Amid news that online shopping while under the influence of alcohol is now a recognised phenomenon, Roy Morgan Research investigates online shopping for alcohol, and finds that 2.5% of Australian adults purchase alcohol via the internet in any given four weeks — with Vintage Cellars and 1st Choice customers being considerably more likely than the average Aussie to buy booze online.
In the two years to June 2014, 11% of Vintage Cellars customers made an online alcohol purchase in any given four-week period, as did 7.2% of 1st Choice customers. Incidentally, 1st Choice and Vintage Cellars are both owned by Coles Supermarkets, while Dan Murphy’s and BWS (whose customers were third and fifth respectively for buying booze online) are owned by Woolworths.
Bottleshop customers who bought alcohol online in last 4 weeks:
Source: Roy Morgan Single Source (Australia), July 2012 – June 2014 (n=35,363). Base: Australians 18+ who bought alcohol from a bottleshop in last 4 weeks
1st Choice customers also rated well above average for agreeing that ‘I choose to shop where there are good specials’ when buying alcoholic beverages. Whereas 59% of Australians 18+ who bought alcohol in an average four weeks agreed with this statement, 71 % of 1st Choice customers did (By comparison, this was even higher than Aldi liquor customers at 69%). This could explain why they are more likely to buy booze over the internet, taking advantage of the lower prices often found online.
But it’s not just alcohol that customers of Vintage Cellars and 1st Choice are buying online. They are also more likely than the average Australian (or customers of other liquor stores, for that matter) to buy groceries online, and over-index for online shopping generally.
While 2.0% of Aussie adults buy groceries online in an average four-week period, this figure rises to 6.2% among Vintage Cellars customers and 2.8% among 1st Choice customers. Customers of Dan Murphy’s and BWS are slightly less likely, with 1.8% and 1.9% respectively doing their grocery-shopping on the internet.
Warren Reid, Group Account Director, Roy Morgan Research, says:
“While Coles-owned liquor stores are not as popular as their Woollies’-owned rivals in terms of visitation, our findings show that their customers have a greater preference for online as a shopping channel – whether it’s for buying booze, groceries or other products.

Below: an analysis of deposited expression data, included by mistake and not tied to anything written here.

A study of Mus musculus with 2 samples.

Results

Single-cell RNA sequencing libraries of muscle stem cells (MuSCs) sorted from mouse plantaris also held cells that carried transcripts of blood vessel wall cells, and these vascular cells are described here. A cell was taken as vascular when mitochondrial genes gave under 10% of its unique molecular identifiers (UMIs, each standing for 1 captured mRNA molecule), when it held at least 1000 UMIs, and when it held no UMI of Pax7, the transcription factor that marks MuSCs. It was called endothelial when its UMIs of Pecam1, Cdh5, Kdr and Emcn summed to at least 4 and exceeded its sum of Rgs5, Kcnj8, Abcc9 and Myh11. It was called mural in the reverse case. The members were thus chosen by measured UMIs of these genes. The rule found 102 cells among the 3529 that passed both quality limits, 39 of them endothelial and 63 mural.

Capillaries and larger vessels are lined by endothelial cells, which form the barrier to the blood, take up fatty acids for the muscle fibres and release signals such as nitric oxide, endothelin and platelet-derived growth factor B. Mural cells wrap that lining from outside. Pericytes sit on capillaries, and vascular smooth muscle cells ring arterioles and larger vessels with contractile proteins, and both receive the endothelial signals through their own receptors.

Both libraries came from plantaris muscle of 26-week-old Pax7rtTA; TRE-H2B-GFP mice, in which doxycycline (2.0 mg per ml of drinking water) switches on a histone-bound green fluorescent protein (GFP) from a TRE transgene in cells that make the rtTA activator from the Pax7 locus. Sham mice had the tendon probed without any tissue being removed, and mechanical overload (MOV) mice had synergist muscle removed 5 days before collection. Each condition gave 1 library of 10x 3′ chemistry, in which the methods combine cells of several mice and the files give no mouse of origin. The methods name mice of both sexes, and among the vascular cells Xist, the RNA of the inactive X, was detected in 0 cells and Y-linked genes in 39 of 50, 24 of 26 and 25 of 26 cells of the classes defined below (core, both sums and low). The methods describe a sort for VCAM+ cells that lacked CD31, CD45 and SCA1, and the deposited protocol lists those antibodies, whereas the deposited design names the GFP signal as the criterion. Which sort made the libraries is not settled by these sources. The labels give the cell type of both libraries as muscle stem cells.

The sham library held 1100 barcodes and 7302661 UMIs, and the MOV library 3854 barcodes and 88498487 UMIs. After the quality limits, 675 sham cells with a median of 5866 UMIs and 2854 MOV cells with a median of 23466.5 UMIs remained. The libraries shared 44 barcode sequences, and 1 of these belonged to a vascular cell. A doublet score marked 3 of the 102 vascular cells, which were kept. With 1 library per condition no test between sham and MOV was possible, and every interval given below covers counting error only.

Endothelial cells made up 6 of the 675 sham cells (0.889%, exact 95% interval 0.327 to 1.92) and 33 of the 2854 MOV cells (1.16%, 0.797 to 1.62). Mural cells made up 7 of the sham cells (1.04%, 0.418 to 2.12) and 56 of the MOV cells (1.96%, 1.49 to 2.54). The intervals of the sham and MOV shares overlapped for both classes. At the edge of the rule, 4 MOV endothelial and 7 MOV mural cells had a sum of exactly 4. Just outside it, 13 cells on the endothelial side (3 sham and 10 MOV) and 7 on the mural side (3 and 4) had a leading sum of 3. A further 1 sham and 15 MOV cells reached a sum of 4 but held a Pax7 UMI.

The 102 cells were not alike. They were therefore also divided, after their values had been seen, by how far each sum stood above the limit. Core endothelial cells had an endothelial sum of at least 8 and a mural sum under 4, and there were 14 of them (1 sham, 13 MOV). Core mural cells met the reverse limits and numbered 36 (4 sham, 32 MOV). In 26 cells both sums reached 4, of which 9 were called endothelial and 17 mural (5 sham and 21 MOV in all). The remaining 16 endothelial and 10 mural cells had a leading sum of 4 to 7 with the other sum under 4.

“This represents an exciting opportunity for Coles to develop this side of its liquor operations, so as to encourage customers who may be more used to visiting their bricks-and-mortar stores (or buying their booze from other online sources).
“As we’ve seen, 1st Choice customers are far more concerned with snagging a special than those of other major liquor chains, and are also more likely to have bought groceries online. Therefore by making more ‘online-exclusive’ offers — for example, offering bigger discounts if you buy their alcohol and groceries in the one order — might be one simple way of increasing sales among those customers.
“Buying alcohol online is becoming increasingly popular, and retailers that respond innovatively to this trend stand to succeed in this competitive, digital market.”
Roy Morgan Research
Roy Morgan Research is Australia's best known and longest established market research and public opinion survey company. Roy Morgan Single Source is thorough, accurate, and provides comprehensive, directly applicable information about current and future customers. It is unique in that it directs all the questions to each individual from a base survey sample of around 55,000 interviews in Australia and 15,000 interviews in New Zealand annually - the largest Single Source databases in the world. The questions asked relate to lifestyle and attitudes, media consumption habits (including TV, radio, newspapers, magazines, cinema, catalogues, pay TV and the Internet), brand and product usage, purchase intentions, retail visitations, service provider preferences, financial information and recreation and leisure activities. This lead product is supported by a nationally networked, consultancy-orientated market research capability.